Tuesday, February 24, 2015

State Complaint Procedures - The Other White Meat

I recently became a state complaint investigator for two state education agencies: the South Dakota Department of Education and the New Mexico Public Education Department.  I don't think we talk enough about state complaints here.  Most of the caselaw in this fast-growing field of law deals with due process hearings, but state complaints remain an important procedural safeguard for parents and non-parents, and the only sure way to test systemic issues.  Time for a refresher course on state complaints.  So this post provides some basic information about state complaints.

State Complaint Procedures (NOTE these are different from due process complaints which lead to due process hearings; these are complaints investigated by the state department of education.)

Each state education agency must maintain a state complaint procedure. 34 C.F.R. §§300.151-300.153. OSEP has stated that the state complaint system is required even though Congress has not specifically provided or addressed a state complaint system in the IDEA. 71 Fed. Register No. 156 at page 46606 (August 14, 2006).

Within one year of an alleged violation of the Act, any entity (including a parent or an advocacy group) may file a state complaint. 34 C.F.R. §§300.151-300.153. A ruling is required within 60 days subject to extension for exceptional circumstances or an agreement to mediate. 34 C.F.R. §300.152. Only agreement, and not consent, is required to extend the 60 day time limit for processing complaints. 71 Fed. Register No. 156 at page 46604 (August 14, 2006). Here is an analysis by the former Regional Resource Centers concerning how the exceptional circumstances exception should be applied. Where a state complaint and a due process hearing are requested on the same topic, the complaint investigator must set aside the portion of the complaint being addressed by due process until the hearing officer issues a decision. 34 C.F.R. §300.152(c). 71 Fed. Register No. 156 at page 46606 (August 14, 2006).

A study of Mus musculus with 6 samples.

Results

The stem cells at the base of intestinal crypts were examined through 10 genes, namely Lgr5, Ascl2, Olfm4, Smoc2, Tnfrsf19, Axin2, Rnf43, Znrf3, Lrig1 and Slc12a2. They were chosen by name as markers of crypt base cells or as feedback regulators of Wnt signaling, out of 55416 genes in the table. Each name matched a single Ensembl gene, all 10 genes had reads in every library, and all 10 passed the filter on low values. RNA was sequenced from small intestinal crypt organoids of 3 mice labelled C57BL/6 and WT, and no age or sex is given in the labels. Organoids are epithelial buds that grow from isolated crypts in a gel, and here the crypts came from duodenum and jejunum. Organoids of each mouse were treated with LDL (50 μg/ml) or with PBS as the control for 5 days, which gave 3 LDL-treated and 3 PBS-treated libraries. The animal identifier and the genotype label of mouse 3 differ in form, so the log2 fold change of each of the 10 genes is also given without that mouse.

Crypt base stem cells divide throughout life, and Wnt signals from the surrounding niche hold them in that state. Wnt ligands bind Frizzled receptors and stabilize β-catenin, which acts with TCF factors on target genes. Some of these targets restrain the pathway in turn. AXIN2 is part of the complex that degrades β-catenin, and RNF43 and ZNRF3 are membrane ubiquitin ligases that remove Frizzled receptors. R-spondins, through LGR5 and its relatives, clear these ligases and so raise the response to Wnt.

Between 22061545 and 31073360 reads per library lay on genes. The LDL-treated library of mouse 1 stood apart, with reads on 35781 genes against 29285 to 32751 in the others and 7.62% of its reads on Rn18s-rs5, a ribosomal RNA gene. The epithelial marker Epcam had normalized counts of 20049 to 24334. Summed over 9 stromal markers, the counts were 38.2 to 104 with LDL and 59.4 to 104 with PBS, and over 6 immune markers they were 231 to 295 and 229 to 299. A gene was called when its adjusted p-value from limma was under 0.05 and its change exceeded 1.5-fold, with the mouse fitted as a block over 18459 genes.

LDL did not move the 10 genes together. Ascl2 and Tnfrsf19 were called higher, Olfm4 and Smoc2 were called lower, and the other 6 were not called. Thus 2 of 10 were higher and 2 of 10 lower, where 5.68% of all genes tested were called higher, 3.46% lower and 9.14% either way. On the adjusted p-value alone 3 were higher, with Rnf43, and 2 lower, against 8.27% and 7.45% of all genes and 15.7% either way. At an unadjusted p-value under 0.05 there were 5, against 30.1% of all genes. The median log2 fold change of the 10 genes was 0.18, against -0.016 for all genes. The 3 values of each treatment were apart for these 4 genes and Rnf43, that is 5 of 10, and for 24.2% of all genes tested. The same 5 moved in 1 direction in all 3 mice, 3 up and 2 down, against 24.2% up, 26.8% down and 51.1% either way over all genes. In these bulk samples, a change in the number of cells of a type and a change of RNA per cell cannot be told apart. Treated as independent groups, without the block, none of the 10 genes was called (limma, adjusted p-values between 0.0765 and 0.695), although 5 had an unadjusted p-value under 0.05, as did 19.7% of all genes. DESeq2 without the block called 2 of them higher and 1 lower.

Where a state complaint investigator finds that IDEA has been violated, a corrective action is ordered. The relief that may be awarded includes compensatory education and reimbursement. 34 C.F.R. § 300.151(b). The purpose of this change to the federal regulations in 2006 was to make it clear that states have broad flexibility in awarding an appropriate remedy in resolving state complaints. 71 Fed. Register No. 156 at page  46602 (August 14, 2006).

When a state has finished processing a state complaint, a party who disagrees with the result may file a due process hearing complaint on the same issue if the statute of limitations has not passed. 71 Fed. Register No. 156 at page 46607 (August 14, 2006).

Here is the OSEP Topic Brief on State Complaint Procedures. 

See also, the  Memo to Chief Sch Officers Re Dispute Resolution Procedures Under Part B of IDEA 61 IDELR. 232 (OSEP 7/23/13) The 64 page Q & A attachment includes a detailed Q & A section on state complaints. You can review the memo and Q & A document here.